18 Oct 2023 WACC partners report at Internet Governance Forum how community networks create digital inclusion
WACC partners advanced a vision for just, inclusive, and community-led digital communication at the Internet Governance Forum (IGF) 2023 last week in Kyoto, Japan.
“The Internet We Want — Empowering All People” was the theme of this year’s meeting of the IGF, a UN mechanism bringing together various stakeholder groups to discuss public policy issues relating to the Internet.
To spotlight digital justice issues around ownership and control, WACC joined with the Association for Progressive Communications (APC), DW Akademie, and Rhizomatica to organize the side event “Agents of inclusion” showcasing best practices of community-led connectivity and media.
The meet-up event explored ways to build digital justice along the “4C Framework”: designing computing, connectivity, content, and human capacity with local community members in the driver’s seat.
Bridging the digital gap via community networks
Kemly Camacho, director of WACC partner Coopertaiva Sulá Batsú in Costa Rica, reported on the development of Indigenous digital technologies through a community network led by the Association of Cabécar Women of Alto Pacuare.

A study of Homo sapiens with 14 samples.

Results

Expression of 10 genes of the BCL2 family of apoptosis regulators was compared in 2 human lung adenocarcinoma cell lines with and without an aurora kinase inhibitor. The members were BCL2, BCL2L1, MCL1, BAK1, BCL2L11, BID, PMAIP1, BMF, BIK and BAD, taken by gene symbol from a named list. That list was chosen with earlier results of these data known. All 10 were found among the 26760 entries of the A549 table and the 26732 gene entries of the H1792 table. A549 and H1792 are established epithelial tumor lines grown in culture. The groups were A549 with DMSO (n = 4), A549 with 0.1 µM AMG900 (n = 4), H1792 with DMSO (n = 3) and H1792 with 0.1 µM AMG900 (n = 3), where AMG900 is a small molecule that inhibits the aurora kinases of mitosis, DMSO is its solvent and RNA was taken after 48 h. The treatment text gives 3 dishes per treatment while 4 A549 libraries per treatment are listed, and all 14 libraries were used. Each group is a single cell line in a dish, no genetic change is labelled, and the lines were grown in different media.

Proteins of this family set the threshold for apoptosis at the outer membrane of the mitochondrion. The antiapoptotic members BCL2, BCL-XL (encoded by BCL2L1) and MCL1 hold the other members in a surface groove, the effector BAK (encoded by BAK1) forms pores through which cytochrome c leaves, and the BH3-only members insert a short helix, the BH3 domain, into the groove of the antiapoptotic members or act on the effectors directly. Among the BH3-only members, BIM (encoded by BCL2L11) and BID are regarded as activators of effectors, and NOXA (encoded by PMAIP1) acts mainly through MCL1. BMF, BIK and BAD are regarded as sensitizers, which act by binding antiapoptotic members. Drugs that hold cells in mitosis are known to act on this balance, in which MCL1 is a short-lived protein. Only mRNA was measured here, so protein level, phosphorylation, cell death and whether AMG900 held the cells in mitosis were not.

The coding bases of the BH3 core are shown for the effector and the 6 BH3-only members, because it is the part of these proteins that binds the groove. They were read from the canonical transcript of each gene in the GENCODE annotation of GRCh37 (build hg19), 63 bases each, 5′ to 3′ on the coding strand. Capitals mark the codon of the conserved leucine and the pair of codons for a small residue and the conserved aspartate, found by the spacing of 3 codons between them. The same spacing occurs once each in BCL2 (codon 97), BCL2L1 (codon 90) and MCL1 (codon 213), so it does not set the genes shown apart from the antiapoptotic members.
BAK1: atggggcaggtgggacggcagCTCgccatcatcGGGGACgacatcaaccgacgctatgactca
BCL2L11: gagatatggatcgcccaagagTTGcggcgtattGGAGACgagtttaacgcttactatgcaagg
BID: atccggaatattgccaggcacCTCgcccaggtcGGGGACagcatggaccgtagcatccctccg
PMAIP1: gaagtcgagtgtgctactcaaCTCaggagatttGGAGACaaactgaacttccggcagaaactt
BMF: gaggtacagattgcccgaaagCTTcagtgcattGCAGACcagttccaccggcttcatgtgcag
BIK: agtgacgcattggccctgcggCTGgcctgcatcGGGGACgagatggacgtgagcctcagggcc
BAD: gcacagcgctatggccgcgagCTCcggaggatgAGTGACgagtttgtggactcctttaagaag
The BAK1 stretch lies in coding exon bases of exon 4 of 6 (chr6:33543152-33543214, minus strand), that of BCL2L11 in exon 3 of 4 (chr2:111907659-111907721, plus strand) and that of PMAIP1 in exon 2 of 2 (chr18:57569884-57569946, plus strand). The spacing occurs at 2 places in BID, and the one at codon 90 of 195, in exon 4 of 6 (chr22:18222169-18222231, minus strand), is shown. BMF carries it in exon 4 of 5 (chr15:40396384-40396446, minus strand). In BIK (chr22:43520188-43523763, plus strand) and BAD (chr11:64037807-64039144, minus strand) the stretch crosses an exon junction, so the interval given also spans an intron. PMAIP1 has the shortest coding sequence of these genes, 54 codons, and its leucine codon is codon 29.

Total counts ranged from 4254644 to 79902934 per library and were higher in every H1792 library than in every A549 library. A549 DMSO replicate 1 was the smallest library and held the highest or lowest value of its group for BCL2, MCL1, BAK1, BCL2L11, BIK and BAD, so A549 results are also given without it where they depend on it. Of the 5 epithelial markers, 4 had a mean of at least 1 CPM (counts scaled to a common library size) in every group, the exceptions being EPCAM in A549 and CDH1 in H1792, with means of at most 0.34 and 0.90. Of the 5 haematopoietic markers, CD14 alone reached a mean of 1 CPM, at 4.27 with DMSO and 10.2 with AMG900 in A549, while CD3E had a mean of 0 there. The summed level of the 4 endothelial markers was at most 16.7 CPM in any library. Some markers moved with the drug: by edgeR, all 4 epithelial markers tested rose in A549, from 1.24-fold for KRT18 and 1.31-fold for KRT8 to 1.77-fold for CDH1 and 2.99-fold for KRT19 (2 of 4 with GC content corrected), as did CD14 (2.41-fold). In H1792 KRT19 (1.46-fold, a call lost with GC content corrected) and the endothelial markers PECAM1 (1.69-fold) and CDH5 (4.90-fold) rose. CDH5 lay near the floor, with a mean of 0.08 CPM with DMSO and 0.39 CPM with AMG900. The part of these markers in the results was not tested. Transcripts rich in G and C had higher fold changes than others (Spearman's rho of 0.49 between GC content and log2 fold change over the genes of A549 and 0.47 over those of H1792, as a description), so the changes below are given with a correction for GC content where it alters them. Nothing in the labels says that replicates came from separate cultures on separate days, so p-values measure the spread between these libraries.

Policy advocacy was the focus of a presentation by James Gondwe, executive director of WACC partner Ulalo, formerly the Centre for Youth and Development, in Malawi. He shared learnings from a project to bring about better policy, regulatory, and financing frameworks that pave the way for the use of community networks to bridge connectivity gaps.
Mwendwa Kivuva from Kenya ICT Action Network (KICTANet) spoke about the WACC partner’s digital inclusion work providing reliable and affordable Internet services in the Mathare Valley through the Angaza Community Network.
Just and democratic Internet governance
“We wanted to bring the democratization of the Internet and digital resources to the forefront,” said Lorenzo Vargas, WACC Communication for Social Change program manager.
The work of these WACC partners is an example of digitally just Internet governance, with community Internet networks giving local communities control over their own communication infrastructure, he added.
“Instead of needing to rely on corporate or public telecommunication services, communities can determine directly the best way to exercise their communication rights and have a voice in developing policies to address issues they are facing.”
Community network development by WACC partners in Costa Rica, Kenya, and Malawi. Photos: UmozaNet, KICTANet, Coopertaiva Sulá Batsú.